One of the most common health issues of being morbidly obese is sleep apnea. I experienced sleep apnea for almost two decades and didn’t know it! According to a Johns Hopkins University study in Baltimore, “Severe sleep apnea raises the risk of dying early by 46 percent.” Now THATS a percentage to take note of!
I learned all about sleep apnea upon returning home for a long West Indies sailing adventure. I shared a cabin with two other friends, who, upon the first night together, I’m amazed they didn’t throw me overboard! During breakfast the first morning out to sea, they both told be I snored loud enough to possibly break our cabin portal! They also mentioned they feared for my life! Why? I’d stop breathing for long periods of time, only to shatter the silence when my body convulsed enough to restart my breathing. I had NO clue about all this until that fateful morning. Of course, I felt terrible about all this. Looking back, I see now how my obesity took its toll on the health of two dear friends. (Your health does, indeed, factor into the health of everyone you hold near and dear.)
After the dust settled from that trip, I spoke with my Doctor about my sleeping habits. I received a referral to a sleep apnea clinic. WOW! What an experience. The technician was amazed that I didn’t exhibit the traditional signs of sleep apnea based on my sleep study results. Given my results (a 95 out of 100 score on their scales), I should have been one of those folks who falls asleep at the wheel when driving, falling asleep at my desk, etc. Based on their scales, newborns may score a 25 on their tests (meaning, just about everyone has some form of sleep apnea from time to time). A 95 was considered life threatening.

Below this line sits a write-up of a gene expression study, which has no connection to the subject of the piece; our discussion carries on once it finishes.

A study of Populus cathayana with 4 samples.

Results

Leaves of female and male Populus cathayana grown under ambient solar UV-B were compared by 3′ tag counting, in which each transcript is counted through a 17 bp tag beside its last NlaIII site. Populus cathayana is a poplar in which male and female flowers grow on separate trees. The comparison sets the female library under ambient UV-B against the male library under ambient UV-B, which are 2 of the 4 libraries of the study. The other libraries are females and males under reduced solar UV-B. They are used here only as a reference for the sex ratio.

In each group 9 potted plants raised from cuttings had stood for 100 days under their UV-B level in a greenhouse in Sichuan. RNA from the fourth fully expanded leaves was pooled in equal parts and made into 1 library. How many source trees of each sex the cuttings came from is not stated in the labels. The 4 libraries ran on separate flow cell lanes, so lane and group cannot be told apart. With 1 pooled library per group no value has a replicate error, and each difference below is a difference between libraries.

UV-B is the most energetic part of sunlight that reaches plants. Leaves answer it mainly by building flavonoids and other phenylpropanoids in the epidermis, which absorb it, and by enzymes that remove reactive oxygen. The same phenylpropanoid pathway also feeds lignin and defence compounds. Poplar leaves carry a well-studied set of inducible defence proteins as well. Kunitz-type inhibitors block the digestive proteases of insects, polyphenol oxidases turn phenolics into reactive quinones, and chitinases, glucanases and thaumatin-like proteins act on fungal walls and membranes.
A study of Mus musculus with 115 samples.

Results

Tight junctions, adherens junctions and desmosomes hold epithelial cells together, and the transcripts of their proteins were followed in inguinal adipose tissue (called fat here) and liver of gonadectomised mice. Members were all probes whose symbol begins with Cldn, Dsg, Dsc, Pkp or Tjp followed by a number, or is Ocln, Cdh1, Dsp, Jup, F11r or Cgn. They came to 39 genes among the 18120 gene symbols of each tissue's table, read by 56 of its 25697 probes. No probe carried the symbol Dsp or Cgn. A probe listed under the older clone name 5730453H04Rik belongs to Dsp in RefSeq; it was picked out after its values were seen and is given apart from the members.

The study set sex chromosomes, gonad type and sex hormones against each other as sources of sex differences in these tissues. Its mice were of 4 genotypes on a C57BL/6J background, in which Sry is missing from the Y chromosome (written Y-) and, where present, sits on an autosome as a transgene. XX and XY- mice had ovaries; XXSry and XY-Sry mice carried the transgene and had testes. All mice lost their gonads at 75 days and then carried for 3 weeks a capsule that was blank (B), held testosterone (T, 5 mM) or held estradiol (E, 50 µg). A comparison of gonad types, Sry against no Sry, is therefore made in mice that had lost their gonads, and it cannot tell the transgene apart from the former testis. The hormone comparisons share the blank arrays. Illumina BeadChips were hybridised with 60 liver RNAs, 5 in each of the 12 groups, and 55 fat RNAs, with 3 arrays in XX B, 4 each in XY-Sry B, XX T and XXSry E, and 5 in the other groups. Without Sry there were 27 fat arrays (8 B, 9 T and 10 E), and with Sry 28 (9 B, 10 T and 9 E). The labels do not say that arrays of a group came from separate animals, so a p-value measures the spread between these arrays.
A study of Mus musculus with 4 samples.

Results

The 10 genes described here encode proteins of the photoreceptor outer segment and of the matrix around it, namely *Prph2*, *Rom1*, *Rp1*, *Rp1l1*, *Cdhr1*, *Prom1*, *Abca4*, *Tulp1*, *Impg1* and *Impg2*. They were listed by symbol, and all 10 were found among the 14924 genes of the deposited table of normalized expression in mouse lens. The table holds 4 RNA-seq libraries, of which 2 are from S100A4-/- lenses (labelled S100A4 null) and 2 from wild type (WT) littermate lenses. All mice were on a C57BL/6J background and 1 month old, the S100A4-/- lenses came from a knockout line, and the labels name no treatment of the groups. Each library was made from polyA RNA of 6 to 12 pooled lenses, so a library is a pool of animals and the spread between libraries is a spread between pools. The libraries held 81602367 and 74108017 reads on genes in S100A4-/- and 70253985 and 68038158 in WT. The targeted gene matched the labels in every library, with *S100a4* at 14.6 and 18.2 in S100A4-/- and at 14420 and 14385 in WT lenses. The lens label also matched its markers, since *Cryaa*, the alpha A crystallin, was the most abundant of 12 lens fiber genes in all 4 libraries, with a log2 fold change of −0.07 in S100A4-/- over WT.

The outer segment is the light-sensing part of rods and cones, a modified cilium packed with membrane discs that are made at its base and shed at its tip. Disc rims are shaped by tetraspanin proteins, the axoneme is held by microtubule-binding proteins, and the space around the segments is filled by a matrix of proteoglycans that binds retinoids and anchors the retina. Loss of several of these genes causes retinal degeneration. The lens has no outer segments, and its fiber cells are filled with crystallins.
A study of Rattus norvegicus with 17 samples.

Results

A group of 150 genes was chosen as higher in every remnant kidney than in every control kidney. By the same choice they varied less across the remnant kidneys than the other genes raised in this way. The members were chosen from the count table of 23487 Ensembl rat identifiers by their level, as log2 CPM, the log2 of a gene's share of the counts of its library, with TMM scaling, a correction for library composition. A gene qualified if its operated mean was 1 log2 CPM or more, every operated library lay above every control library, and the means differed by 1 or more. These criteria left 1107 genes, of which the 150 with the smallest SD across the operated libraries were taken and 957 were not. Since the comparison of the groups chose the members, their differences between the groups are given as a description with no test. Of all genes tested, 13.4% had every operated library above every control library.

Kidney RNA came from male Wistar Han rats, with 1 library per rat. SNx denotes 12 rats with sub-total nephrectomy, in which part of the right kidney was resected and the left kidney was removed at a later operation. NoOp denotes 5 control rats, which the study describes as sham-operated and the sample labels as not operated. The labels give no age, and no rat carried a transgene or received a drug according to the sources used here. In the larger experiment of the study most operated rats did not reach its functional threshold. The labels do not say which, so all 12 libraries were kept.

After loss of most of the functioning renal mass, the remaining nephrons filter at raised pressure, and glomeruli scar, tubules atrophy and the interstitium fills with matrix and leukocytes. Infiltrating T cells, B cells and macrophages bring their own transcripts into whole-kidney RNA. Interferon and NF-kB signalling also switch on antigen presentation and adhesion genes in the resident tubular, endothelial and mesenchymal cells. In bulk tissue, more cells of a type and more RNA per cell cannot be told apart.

My Doctor wanted me to IMMEDIATELY start using a C-PAP machine to help me breath better while sleeping. GREAT! A face-mask strapped to my fat face forcing air into my nose and mouth all so I might experience a sound sleep. I understood the implications of turning down a C-PAP machine when I opted for the more dramatic option. Surgery. A risky procedure known as Uvulopalatopharyngoplasty (or UPPP) combined with a full tonsillectomy. Thankfully, all turned out well.
Moral of the story, obesity often results in sleep apnea. Sleep apnea robs our bodies of necessary deep sleep time. If you’re partnered with someone, you may be robbing them of their sleep time with all that snoring! As we all know, lack of deep sleep depletes our immune system as well as increases our chances of being less than kind to ourselves and others. Think about it! If you’re over weight and feel tired all the time, it’s time you realize you may have a severe case of sleep apnea. Get this checked out ASAP!